I finally went, on the next to last day of the exhibition. The James Turrell installation, that is, called Aten Reign, at the Solomon R. Guggenheim Museum in New York City.
It’s been up since June, and everyone said You’ve got to go, you’ve got to go.
Now I understand why.
Turrell is a conceptual artist who manipulates natural and artificial light on a grand scale. He’s been practicing his craft since the 1960s. “My art deals with light itself,” he has said. “It’s not the bearer of the revelation. It is the revelation.”
Sounds lofty. But when you enter the rotunda of the Guggenheim and look up to see the deep magic of colored orbs, eggs really, egg after egg after egg, created by lights projected on the concentric rings of the museum’s famous spiral, you see what he means. As you watch, the colors begin to shift, from pale silver to violet to tangerine to raspberry to acid lime. A fruit-sweetened flow of light.
My mind entered a waking dream state. I have to admit that I was equally fascinated by the 200 or so human animals on display beneath the well of light. Tourists. Natives. Suits and shorts, stripes and leggings and boots. Fifteen, twenty languages, who knew? It was one of those afternoons when people look especially beautiful. We were all in a cave filled with liquid light, all creatures awestruck, bemused, interested in the same phenomenon. Turrell is a Quaker, a faith he characterizes as having a “straightforward, strict presentation of the sublime.” Patient contemplation is a tenet of his work. It’s not a particular feature of life in New York City, usually, yet here it was.
A circular mat lay in the center of the space. People sprawled on the pad like participants at an old-fashioned happening, gaping upward at the magnificent spaces of Frank Lloyd Wright’s genius structure, now transformed to a Turrell Skyspace.
Museum goers waited calmly for a chance at the mat – it was easier to find a parking spot outside than a supine position on the Guggenheim’s floor. They tried to take pictures of the lights but were checked by guards. But Aten Reign begged for pictures. It reminded me of that experiment with toddlers and marshmallows, where a lady gives a kid a marshmallow and says if he holds off for x minutes without eating it, he’ll be given two. What kid can exert that much self control? Likewise, what adult at this luscious light show could resist clicking a phone upward even if it meant sneaking to do it?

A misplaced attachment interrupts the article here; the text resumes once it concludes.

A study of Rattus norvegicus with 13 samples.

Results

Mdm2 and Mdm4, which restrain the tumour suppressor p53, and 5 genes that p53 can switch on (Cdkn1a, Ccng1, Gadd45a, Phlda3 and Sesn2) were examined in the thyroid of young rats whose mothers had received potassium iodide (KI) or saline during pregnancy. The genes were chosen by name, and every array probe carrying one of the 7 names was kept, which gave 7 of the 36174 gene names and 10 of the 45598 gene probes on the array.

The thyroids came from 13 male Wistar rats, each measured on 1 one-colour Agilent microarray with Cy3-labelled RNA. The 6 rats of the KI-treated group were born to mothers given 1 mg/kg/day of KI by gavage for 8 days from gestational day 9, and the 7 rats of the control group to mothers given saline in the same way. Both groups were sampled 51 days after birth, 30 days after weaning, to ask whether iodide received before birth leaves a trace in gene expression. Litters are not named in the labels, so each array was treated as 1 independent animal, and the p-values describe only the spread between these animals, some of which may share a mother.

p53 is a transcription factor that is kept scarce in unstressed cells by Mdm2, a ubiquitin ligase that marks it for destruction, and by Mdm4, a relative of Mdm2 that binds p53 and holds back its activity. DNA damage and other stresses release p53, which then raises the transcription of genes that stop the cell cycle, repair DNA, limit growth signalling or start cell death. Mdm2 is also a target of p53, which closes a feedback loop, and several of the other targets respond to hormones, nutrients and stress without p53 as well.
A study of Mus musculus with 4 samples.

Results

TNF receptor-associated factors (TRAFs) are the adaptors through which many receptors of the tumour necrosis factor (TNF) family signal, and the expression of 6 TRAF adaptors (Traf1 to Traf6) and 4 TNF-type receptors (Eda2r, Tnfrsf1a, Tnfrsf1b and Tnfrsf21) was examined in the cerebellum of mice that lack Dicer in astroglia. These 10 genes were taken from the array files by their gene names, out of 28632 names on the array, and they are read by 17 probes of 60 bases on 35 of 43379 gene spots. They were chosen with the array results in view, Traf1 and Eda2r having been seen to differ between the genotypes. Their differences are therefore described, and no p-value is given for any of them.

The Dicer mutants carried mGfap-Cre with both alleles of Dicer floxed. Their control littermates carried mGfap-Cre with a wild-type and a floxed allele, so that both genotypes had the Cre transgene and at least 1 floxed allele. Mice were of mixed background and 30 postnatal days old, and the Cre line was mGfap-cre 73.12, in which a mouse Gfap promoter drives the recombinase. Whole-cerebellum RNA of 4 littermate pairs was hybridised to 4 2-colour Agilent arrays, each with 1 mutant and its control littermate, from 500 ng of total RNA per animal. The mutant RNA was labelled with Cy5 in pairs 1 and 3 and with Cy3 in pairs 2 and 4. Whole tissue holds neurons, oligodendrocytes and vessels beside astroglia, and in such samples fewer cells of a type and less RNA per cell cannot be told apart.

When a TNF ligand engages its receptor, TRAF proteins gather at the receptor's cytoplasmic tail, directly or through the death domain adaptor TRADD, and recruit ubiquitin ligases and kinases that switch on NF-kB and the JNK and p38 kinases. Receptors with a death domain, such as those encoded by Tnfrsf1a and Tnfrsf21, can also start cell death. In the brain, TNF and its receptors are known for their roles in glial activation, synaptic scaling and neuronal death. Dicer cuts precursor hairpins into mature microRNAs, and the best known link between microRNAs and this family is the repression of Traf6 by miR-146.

I was reminded of Oscar Wilde’s famous line, We are all in the gutter, but some of us are looking at the stars. Gil waded into the scrum, pretty spry for a nearly-sixty-year-old man – you had to move fast to claim a spot – and lay himself down, spellbound. “It was like a wrestling mat,” he told me afterward, “one where people have been pinned too many times.” The funk of the thousands of bodies since the show opened somehow added to the appeal.
The sky above went from ultraviolet to dark as a storm. Tranquillity descended. Was this what my sometime cynic of a husband liked to call the “theater of faint effect” – something that’s not necessarily going to change your life? Still, “I felt like I needed a lamaze coach” was what he told me later about the near birth experience he’d had. This would seem to partake of E.M. Forster’s “only connect,” with all of us touching this spiritual lozenge above us, this gleaming cough drop of a god, and at the same time touching each other.
A friend once told me about her experience walking on burning coals, that there was no rational reason for it but she was transformed by a mystical joy. No one knows exactly why, but it happens.
I sat on the bench that ran around the circular walls. Behind me I realized I was listening to the plash of a fountain. This is the first time I’ve ever employed that word. Later, at lunch in the museum’s somewhat pretentiously named restaurant, The Wright, I ate something I had never tried before, in a frisee salad: a skinned cherry tomato, poached or braised somehow to bring out its pulpy flavor. In the corner, Isaac Mizrahi with his doo-rag held forth in some kind of ecstatic state.
Everything appeared fresh after the Turrell show. September 25, the exhibit closes. There is only tomorrow. Go.
6 responses to “In a New Light at the Guggenheim”
Sounds pleasantly authentic.
The actual lunch menu at LON’s was nothing like the lovely list on the website; most folks had hamburgers or sliders. The dessert menu was more interesting. But the building and patio were lovely, full of cowboy gear, Magargee’s paintings and prints, and some Alan Houser sculptures.
Yes, it’s mesmerizing. I still feel high.
How was Lon’s food?
Lovely to hear the effect of Turrell’s work – I’ve seen a work of his in Venice a few years ago – it was inexplainable, astounding, emmersive and changing – wish I could have made it across the ocean for that one, it sounded beautiful
I would go. Though the wrestling mat probably wouldn’t work, for me, I’d crave another *near birth experience* like Gil’s. And I’d get a kick out of seeing someone like Mizrahi at The Wright.
Instead, today, I (we.. 22 of us) explored LON’S Restaurant at The Hermosa Inn in Paradise Valley… he was a real rogue, Lon Magargee was, a cowboy and an artist, but he’d built the place himself, of adobe blocks, with no plan, just one charming room at a time in 1926, for his fourth wife (Millie, represented yesterday by one of our svelte friends yesterday in her 100-year-old dress.)